I don't want to harp on how bad the Bears defense was in Sunday's 45-10 loss to the Cincinnati Bengals. The defense was a joke. I know it. You know it. Bob Dole knows it. The American people know it. Sun-Times beat writer Brad Biggs called it the worst loss he's seen in his years on the beat.
Here's my question: What the hell was Bears quarterback Jay Cutler doing still in the game when it was 45-3 in the fourth quarter? What good could possibly come from that? The Bengals knew the Bears were going to pass on every down. Their defensive linemen were pinning their ears back and teeing off on Cutler -- and rightfully so. They were getting hits on him on almost every play.
Whatever chance the Bears (3-3) have of making the postseason this year, it all depends on Cutler's right arm and a developing group of young receivers. The running game isn't going to get the Bears to the playoffs. Neither is the defense. A healthy, effective Cutler is essential moving forward. Leaving him in Sunday's game was a reckless and stupid move by coach Lovie Smith and staff. If there was ever a situation where backup QB Caleb Hanie should have been getting the playing time, this was it.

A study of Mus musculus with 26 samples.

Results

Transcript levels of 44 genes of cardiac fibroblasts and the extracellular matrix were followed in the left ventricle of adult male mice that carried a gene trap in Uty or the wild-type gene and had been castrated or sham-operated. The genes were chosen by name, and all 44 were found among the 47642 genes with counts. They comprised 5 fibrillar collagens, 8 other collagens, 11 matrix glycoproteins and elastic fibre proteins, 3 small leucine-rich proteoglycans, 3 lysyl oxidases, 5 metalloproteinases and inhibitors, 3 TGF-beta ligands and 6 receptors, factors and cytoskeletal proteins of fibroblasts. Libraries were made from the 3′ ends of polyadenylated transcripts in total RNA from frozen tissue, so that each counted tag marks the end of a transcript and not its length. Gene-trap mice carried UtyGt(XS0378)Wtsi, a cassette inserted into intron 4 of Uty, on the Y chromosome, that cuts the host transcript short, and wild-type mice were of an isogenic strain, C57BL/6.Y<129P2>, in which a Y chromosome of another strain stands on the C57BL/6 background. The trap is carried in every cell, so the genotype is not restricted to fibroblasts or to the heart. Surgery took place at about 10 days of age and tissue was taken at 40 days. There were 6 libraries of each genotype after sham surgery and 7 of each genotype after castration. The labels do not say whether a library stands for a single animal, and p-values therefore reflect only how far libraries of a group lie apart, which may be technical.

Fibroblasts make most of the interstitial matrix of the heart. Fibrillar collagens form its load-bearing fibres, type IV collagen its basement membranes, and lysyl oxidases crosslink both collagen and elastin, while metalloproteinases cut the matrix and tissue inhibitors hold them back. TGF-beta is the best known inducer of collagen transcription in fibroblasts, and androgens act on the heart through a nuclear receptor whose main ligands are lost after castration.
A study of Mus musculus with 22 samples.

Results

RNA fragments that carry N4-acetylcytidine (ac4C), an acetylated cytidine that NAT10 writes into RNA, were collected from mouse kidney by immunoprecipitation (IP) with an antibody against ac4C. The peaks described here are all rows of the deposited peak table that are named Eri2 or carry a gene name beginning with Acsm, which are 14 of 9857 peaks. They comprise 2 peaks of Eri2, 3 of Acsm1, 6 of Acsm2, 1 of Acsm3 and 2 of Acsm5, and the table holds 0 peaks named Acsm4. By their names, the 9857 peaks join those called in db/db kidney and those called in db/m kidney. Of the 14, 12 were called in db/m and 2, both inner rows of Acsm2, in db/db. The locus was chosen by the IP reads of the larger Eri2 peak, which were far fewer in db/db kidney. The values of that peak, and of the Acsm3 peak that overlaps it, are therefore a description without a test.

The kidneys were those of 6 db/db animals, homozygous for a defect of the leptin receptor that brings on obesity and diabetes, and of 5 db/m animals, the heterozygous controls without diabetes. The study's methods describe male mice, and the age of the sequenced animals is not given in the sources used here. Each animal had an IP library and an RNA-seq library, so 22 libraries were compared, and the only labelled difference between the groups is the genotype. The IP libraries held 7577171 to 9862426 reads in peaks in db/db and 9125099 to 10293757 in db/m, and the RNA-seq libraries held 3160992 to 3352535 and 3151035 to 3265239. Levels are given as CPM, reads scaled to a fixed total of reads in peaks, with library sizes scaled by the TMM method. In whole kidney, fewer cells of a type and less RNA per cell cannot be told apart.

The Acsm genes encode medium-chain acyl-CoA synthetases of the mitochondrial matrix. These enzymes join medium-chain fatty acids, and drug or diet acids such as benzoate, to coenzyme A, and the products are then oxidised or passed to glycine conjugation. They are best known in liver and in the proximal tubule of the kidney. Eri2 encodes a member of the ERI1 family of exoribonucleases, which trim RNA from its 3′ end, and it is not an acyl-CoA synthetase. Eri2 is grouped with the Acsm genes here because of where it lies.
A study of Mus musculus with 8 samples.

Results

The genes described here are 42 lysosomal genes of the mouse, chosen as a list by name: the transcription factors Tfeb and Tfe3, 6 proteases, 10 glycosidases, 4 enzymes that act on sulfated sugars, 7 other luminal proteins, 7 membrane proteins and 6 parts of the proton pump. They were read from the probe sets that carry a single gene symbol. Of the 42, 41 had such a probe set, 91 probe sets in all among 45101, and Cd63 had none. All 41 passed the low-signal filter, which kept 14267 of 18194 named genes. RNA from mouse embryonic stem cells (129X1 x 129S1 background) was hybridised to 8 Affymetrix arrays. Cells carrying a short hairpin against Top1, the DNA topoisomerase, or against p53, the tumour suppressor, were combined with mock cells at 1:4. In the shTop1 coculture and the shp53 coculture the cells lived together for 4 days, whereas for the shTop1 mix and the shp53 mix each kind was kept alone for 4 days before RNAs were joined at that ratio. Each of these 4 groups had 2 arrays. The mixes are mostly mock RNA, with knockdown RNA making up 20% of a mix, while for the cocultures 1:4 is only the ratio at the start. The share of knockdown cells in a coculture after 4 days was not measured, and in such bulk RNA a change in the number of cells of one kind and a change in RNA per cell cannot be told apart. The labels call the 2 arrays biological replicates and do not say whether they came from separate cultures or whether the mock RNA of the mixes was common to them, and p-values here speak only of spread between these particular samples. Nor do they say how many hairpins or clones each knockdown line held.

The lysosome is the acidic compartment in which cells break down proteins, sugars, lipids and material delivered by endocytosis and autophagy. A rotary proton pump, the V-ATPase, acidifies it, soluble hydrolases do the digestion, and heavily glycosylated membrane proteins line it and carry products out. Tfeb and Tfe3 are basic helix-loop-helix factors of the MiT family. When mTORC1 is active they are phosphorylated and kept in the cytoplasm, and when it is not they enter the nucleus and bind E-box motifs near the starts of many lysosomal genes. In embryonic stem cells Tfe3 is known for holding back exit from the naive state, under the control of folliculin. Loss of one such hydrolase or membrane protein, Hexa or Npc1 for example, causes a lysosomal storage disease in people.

Of course, as I read the media reports after Sunday's loss, it occurred to me why Smith left Cutler in. Say, hypothetically, that Hanie had thrown a meaningless TD pass in the fourth quarter. If that scenario had unfolded, we'd have a quarterback controversy in Chicago today. You know how things work around here.
Cutler actually did throw a meaningless TD toss to Devin Hester in the fourth quarter Sunday. He gets no credit for that, nor should he. But imagine if Caleb Hanie had thrown that exact same TD pass. The Superfans would be out, calling for the backup quarterback to get his chance.
"Did you see what dat Caleb Hanie did on Sunday? He took da team right down da field and gotta touchdown! He should be da starter!"